Autonomous Excavator Constructs a Six-Metre-High Dry-Stone Wall

Autonomous Excavator Constructs a Six-Metre-High Dry-Stone Wall

A meticulously programmed excavator can autonomously construct walls from natural stones. According to Swiss researchers from ETH Zurich’s report in the journal Science Robotics, the robot surveys the available boulders, measures each one, and determines the best placement for each stone. Subsequently, the twelve-ton excavator, equipped with a kind of gripper arm, places stone upon stone.

In a field trial, this process resulted in a 10-meter-long and 4-meter-high freestanding dry stone wall composed of 109 boulders. The excavator utilized both broken concrete pieces from demolished structures and natural rocks. Additionally, the robotic vehicle assembled an approximately 65-meter-long wall along a small slope. “The work demonstrates the potential of autonomous heavy construction vehicles to be built with highly irregular, readily available, and sustainable materials that require minimal to no transport and no prior processing,” writes the team led by Ryan Luke Johns.

According to a university statement, the excavator first creates a 3D map of the construction site using sensors and identifies the stones present. It lifts them individually and scans them to determine their approximate weight and center of gravity. Subsequently, an algorithm determines the best position for each boulder. The excavator then places each stone in the correct location. In one operation, the excavator robot can extend the wall by 20 to 30 stones.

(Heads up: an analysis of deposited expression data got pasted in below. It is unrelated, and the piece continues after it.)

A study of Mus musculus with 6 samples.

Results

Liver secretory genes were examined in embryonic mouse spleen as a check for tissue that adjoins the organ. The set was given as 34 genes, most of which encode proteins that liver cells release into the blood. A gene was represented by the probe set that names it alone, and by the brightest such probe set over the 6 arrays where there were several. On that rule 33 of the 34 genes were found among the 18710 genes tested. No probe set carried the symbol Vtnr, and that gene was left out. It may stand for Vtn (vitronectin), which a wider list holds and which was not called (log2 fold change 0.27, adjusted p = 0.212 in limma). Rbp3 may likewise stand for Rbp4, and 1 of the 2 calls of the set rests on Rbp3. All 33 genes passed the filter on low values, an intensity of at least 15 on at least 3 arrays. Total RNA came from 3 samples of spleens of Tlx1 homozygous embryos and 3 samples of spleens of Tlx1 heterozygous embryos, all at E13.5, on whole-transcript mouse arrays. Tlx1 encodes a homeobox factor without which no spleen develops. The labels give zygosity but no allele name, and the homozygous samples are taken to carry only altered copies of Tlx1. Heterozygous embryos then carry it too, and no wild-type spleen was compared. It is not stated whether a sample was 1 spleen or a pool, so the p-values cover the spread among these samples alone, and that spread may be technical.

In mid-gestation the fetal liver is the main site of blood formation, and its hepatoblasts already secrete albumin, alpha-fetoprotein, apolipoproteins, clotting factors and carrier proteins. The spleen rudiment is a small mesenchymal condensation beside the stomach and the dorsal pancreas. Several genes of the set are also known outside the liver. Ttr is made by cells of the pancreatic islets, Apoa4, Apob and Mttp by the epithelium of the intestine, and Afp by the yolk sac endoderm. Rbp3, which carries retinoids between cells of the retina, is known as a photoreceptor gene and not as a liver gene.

The autonomous excavator is currently relatively slow. To place a stone, it takes 12.2 minutes, approximately 1.2 minutes longer than experienced human excavator operators, according to Johns’ team.

The researchers emphasize that building with natural stones and demolition remnants could be a more environmentally friendly alternative to concrete construction. “Conservatively estimated, the construction of such a wall could save around 41 percent of carbon equivalents compared to a similarly efficient reinforced concrete wall,” the team writes. Moreover, the wall constructed by the robotic excavator could be disassembled into its individual parts and reused.

The researchers have envisioned various applications where the robotic excavator could be employed, including coastal protection structures.

Taking it a step further, the group introduces the possibility of deploying such an excavator in an “extraterrestrial context,” such as on the Moon. “In space, resources are scarce, transport is expensive and energy-intensive, and there is an extreme shortage of skilled craftsmen,” the study notes. Therefore, developing automatic systems that can utilize existing resources is deemed prudent.